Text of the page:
Singing Together Boosts Well-Being

[forwarded to us by Julie Strain - Dec 2023]


Marc Dufresne

If you have caroling on your holiday activities list, you should know that you’ll be doing more than just spreading cheer — you’ll be improving your overall mental and physical health. A growing body of research shows that singing together at any occasion, holiday or not, boosts well-being. One of the reasons for that is endorphins, those happy hormones runners are always going on about.

“Singing is one of the mega-mechanisms we use for bonding,” Robin Dunbar, a professor of evolutionary psychology at the University of Oxford, told The Guardian. “Singing in the shower gives you a bit of an uplift, but when doing it communally, there’s something about the synchrony of singing that creates this massive endorphin uplift.”

Dunbar set out to prove singing’s bonding power in a 2015 study, in which strangers sang together for an hour and left as, well, not strangers. “It was as if they’d known each other since primary school,” he recalled. “And that doesn’t normally happen if you spend an hour in the company of strangers.”

He noted that the prolonged exhalation and breath work required while singing likely contributes to its health benefits. Going forward, this research could help inform therapies for dementia, Parkinson’s, chronic obstructive pulmonary disease, long COVID, and more.

White Structure

5 Reasons You Should Join a Choir Today!

Are you a shower crooner with a secret desire to sing in public?

Maybe there’s a community choir in your area and you’re toying with the idea of joining?  Or perhaps you’d love to sing but were always told you don’t have a voice?

Here we offer five good reasons why taking the plunge and joining a choir might be the best thing you ever did.


Benefits of joining a choir:

  1. Musicality

    Its official, singing in a choir improves the way you hear music, it draws out your innate musical ability and intensifies your appreciation of harmony. There is a natural learning curve that occurs quite organically as a consequence of singing regularly in a group that strengthens your ear. Where choral singing is concerned, the whole really is the sum of its parts, and choir members soon become aware of how harmonies combine and complement each other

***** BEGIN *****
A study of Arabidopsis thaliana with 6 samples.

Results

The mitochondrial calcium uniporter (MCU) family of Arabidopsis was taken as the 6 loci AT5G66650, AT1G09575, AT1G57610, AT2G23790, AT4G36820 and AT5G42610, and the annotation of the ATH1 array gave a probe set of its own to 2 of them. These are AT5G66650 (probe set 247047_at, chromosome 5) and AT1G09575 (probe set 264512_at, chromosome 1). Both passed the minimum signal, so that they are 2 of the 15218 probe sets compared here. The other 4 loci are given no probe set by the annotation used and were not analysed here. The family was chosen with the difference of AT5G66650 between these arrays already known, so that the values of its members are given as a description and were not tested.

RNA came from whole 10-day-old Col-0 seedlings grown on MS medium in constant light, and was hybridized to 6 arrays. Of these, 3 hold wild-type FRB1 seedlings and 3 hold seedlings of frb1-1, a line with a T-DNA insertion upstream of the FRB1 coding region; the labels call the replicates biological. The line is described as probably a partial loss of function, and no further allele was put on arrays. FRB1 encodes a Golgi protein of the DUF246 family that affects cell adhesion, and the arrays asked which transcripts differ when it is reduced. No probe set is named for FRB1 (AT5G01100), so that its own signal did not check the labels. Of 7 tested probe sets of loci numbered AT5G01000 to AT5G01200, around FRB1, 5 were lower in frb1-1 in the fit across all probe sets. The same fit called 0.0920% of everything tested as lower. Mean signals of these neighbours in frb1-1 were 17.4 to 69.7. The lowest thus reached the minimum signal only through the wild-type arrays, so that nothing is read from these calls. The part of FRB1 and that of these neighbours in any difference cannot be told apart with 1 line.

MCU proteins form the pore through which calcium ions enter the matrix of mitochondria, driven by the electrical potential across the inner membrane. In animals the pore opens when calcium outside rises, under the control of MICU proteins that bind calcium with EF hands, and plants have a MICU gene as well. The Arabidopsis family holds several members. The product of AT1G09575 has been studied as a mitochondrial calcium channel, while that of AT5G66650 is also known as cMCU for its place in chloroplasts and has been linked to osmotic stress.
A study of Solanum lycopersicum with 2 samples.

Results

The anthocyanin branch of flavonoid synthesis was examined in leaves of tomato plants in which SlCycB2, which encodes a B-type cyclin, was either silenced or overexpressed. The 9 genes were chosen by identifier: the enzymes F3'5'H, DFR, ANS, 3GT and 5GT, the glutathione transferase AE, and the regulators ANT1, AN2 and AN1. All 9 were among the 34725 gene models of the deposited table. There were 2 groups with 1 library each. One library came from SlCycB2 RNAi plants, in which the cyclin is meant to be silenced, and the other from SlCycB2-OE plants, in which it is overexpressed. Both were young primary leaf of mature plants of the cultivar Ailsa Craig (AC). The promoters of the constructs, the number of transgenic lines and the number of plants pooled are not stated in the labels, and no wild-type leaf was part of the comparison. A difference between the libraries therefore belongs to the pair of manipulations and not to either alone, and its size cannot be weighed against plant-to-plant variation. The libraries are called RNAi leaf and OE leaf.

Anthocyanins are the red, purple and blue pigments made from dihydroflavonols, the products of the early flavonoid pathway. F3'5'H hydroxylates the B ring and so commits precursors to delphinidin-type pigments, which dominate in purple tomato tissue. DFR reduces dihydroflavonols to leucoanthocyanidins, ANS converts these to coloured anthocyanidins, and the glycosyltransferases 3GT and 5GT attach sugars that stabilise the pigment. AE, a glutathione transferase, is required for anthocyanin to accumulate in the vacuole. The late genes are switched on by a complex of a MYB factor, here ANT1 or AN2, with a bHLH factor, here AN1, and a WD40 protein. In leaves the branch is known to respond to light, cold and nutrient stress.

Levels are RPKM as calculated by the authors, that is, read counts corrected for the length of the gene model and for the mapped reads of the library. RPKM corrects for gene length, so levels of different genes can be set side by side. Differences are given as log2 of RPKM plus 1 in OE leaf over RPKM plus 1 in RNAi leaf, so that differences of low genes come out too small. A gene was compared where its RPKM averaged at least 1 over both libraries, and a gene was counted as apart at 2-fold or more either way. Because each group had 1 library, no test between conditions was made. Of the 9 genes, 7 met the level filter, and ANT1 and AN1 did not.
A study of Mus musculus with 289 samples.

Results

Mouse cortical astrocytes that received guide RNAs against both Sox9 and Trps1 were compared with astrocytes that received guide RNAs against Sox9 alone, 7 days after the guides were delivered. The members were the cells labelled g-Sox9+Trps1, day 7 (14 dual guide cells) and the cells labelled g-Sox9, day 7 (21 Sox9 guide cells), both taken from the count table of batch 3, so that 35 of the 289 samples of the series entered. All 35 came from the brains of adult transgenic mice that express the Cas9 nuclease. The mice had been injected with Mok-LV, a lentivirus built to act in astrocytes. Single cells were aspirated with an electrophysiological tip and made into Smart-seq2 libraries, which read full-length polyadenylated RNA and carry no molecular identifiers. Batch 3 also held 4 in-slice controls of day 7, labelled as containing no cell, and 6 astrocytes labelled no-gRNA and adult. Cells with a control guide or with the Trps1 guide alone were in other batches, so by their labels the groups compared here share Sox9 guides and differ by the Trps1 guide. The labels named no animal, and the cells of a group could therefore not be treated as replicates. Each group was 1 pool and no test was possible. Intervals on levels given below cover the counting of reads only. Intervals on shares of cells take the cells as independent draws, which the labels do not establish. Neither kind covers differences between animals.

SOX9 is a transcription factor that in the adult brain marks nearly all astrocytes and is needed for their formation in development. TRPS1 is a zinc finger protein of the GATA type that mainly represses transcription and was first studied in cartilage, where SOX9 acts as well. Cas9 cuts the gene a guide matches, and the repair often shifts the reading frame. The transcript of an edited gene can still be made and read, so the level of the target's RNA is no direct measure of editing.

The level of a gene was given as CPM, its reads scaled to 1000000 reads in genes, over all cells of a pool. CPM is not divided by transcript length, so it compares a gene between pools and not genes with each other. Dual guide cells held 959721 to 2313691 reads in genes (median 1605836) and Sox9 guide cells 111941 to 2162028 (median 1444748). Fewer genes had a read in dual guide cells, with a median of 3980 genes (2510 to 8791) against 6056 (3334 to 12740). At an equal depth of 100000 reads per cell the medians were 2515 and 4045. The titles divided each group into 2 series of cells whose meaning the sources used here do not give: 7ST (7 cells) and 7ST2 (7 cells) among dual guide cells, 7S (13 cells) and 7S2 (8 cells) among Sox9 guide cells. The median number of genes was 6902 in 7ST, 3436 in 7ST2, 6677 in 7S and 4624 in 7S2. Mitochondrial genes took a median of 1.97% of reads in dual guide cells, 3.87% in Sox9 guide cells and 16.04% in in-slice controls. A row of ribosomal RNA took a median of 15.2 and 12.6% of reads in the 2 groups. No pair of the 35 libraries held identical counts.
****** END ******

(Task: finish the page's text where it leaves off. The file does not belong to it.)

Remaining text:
2. Mental Health

    Professor Grenville Hancox, Director of the Sidney de Haan Research Centre for Arts and Health in Kent, has done extensive research on the benefits of choral singing on psychological well-being.  He is so passionate about the enormous emotional benefits of choral singing, he has been trying to persuade the medical profession to prescribe singing instead of Prozac:  “If we could engage more and more people in singing, I’m sure we would have a healthier nation.”

    Studies have shown that the mental health benefits of choral singing include enhanced brain function, strengthened feelings of togetherness, and the release of endorphins and oxytocin resulting in reduced stress and depression.

  3. Confidence

    It’s surprising how many people are told at school they can’t sing, a myth that can discourage potential singers for decades. Most people don’t imagine they will ever perform in front of an audience, and to experience this for the first time as part of a choir can be life changing. The truth is that, unless there is hearing loss, anyone can learn to sing. Singing in a community choir gives you permission to make noise as part of group, and choir leaders report witnessing new members’ confidence grow rapidly.

  4. Belonging
    The modern world is one where people are increasingly isolated. Social media networks offers a semblance of community but the lack of contact with people in real time and space can intensify feelings of alienation. Singing has been central to religion and ritual as a way of connecting communities since ancient times. Being part of a group working towards a shared endeavour, can fulfill this human need for belonging and union.

    Recent research reveals that group singing helps forge social bonds, and it does so particularly quickly, acting as a powerful icebreaker. People feel valued and inevitably make friends with individuals from a diversity of backgrounds, so horizons are broadened and social cohesion is improved.


  5. Aerobic and Toning

    A proper singing session is a wonderful workout for the lungs. The actions of warming up, breathing deeply and opening the diaphragm all oxygenate the blood, creating more white blood cells, which strengthens the whole body.  The breathing rate slows and deepens, releasing endorphins and increasing a profound sense of well-being.  All this lung action reduces the chance of illness and is excellent for people who suffer asthma, and emphysema.

    Singing also improves your posture and tones your stomach muscles – a strong core supports the spine so your body will be less prone to injury as you age.


       So, what are you waiting for?


Thank you to South Suburban member, Kathy Vandamme for sharing this article with us.
We gratefully acknowledge Jane Reeves, Musical Director,
for allowing us to excerpt and include this insightful article on our website.